The aim of Operation Childlife is to provide surgical procedures in developing countries while training the local doctors and nurses on how best to deliver effective results for themselves when we are not present. This means there is a steady transfer of skills from us to them and vice versa.
Located in South East Asia and with a population of over 86 million, Vietnam is the 13th most populous country in the world. Operation Childlife offer their support to Hospital No. 2, located in Ho Chi Minh City.
The overall quality of health in Vietnam is regarded as good and as of 2009 life expectancy is 76 for women and 72 for men. In Ireland the comparative figures are 81.6 years for women and 76.8 years for men.
More concerning however is the infant mortality rate which in Vietnam is 12 per 1,000 births compared to 3.5 in Ireland.
While the Irish health sector is often open to criticism due to lack of financial resource government spending as a percentage of GDP in Ireland is 6.9% compared to just 0.9% in Vietnam. This suggests that the healthcare sector in Vietnam is being significantly underfunded and this undoubtedly has an impact on infant mortality rates.
Located in central East Africa and bordered by Kenya and Uganda to the north, Rwanda, Burundi and the Democratic Republic of the Congo to the west, and Zambia, Malawi and Mozambique to the south.
As of 2006, the estimated population is 38,329,000, with an estimated growth rate of 2 percent.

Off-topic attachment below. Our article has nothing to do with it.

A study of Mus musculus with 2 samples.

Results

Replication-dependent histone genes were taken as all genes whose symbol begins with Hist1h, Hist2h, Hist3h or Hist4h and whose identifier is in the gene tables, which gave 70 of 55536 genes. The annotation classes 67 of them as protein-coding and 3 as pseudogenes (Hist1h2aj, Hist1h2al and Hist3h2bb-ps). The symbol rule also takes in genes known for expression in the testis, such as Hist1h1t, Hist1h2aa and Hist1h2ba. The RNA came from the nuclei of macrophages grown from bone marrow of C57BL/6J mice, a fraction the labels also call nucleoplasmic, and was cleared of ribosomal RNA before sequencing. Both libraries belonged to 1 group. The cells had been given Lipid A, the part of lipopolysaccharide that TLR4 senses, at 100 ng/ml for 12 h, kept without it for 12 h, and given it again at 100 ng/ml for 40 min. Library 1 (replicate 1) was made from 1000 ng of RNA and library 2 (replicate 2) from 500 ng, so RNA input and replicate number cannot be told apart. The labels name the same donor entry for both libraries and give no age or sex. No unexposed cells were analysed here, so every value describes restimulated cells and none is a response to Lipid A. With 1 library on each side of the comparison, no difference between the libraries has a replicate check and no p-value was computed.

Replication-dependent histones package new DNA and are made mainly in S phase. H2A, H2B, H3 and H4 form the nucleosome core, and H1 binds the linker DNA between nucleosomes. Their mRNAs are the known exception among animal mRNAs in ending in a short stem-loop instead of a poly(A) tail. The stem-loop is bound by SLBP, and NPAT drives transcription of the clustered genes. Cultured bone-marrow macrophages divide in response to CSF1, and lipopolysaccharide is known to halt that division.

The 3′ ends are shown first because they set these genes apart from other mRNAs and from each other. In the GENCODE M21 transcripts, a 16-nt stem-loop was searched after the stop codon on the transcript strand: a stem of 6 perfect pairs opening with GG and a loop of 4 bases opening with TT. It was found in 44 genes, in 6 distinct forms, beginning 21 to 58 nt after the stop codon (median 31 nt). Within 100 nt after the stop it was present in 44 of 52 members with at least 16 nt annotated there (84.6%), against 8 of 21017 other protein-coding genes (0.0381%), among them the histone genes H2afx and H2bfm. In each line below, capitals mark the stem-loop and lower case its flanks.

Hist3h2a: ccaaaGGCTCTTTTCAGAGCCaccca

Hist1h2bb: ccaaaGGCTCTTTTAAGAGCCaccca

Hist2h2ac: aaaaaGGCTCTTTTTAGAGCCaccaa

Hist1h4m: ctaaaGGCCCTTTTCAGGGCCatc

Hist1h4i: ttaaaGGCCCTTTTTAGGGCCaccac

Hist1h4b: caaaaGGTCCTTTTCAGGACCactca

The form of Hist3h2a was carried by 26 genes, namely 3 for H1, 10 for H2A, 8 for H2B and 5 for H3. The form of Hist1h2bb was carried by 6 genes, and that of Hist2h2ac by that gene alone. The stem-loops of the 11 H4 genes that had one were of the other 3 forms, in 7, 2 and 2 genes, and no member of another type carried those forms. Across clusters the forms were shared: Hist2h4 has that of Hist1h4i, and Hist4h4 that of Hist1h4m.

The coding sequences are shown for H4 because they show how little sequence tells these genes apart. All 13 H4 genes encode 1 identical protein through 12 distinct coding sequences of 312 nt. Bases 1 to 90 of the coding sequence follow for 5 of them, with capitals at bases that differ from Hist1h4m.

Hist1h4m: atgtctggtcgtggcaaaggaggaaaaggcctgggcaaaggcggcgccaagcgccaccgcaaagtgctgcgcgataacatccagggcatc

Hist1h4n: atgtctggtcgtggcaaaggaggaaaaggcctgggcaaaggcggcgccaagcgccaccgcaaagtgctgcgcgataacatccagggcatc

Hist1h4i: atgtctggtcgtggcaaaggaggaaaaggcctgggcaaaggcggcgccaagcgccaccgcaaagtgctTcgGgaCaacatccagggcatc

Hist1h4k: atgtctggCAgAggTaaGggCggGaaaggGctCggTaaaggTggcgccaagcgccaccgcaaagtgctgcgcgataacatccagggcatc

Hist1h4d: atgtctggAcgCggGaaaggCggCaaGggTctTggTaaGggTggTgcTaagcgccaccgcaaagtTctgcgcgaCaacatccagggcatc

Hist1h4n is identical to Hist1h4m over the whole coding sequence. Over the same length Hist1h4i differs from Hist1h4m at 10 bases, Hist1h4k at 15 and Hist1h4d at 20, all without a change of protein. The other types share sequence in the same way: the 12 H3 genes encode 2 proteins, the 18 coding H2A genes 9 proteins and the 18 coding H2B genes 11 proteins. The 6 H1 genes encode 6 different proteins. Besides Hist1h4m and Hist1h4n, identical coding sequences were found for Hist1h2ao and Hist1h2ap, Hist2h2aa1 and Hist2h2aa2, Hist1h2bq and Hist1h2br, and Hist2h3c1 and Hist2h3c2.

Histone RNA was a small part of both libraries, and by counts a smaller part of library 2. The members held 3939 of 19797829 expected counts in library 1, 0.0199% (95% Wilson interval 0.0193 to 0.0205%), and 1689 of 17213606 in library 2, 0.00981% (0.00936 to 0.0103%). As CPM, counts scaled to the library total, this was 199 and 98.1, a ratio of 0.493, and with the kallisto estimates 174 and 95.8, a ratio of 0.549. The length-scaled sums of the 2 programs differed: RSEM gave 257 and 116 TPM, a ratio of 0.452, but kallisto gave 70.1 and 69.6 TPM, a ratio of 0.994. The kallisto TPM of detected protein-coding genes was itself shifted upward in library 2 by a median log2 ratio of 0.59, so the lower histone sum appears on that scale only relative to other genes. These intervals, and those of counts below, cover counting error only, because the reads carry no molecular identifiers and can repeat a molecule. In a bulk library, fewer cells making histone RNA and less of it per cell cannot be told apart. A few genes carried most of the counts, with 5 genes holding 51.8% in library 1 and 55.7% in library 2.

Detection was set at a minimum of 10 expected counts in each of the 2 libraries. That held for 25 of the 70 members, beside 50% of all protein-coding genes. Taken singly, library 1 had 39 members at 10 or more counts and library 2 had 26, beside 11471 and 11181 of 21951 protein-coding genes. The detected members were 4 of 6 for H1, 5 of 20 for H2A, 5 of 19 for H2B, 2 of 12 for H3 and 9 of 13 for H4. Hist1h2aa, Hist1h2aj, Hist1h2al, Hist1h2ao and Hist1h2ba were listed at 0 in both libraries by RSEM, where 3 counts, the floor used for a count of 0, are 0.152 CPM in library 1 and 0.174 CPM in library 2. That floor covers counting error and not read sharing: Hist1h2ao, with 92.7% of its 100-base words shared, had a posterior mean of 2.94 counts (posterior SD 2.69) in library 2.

The overall quality of health in Tanzania is poor which is confirmed by the fact that the under-five mortality rate in 2006 was 118 out of 1,000. Life expectancy at birth in 2006 was 50 years. The 15-60 year old adult mortality rate in 2006 was 518 out of 1,000 males and 493 out of 1,000 females.
The need for our expertise is therefore great and we commenced operations in 2008 and have focused our efforts to date to upgrade the local surgical oncology service by direct hands-on training. The focus is to provide surgical anaesthetic skills to effectively and safely resection complex paediatric solid tumours such as Wilms tumour. Our ambition is to help establish a complete oncology program and upskill all members of the oncology team from pathology, radiology, oncology and surgery. The program is in Tanzania at the specific request of Dr Patricia Scanlon, Consultant Paediatric Oncologist who has worked in Dar es Salaam for the past 6 years. We have recently been supported by Children in Crossfire and hope to have their help for the next three years.
Following the great advances we have supported in Vietnam it is our objective to ensure our up-skilling can make a positive impact on the people in Tanzania.
The team headed by Professor Corbally were in Tanzania in July 2011 where they worked to upskill the surgical teams in Mhimbili National Hospital Dar es Salaam in the surgical and anaesthetic management of paediatric solid tumours. We signed a MOU with Children in Crossfire (Tanzania) to provide support from 2011-2013. Since thyen we have made a number of trips to Muhumbili Hospital, including oncology, oncological surgery, urology and other surgical specialties.
We hope to start a clinical relationship with Angkor Children’s Hospital in Cambodia in 2017. This will consist of a small OCL general surgical team. We will go out and assist the local team in their surgical work, get to know them, see their capabilities and let them know ours. Hopefully our clinical relationship will develop to the point where we can help them with more complex surgery afterwards.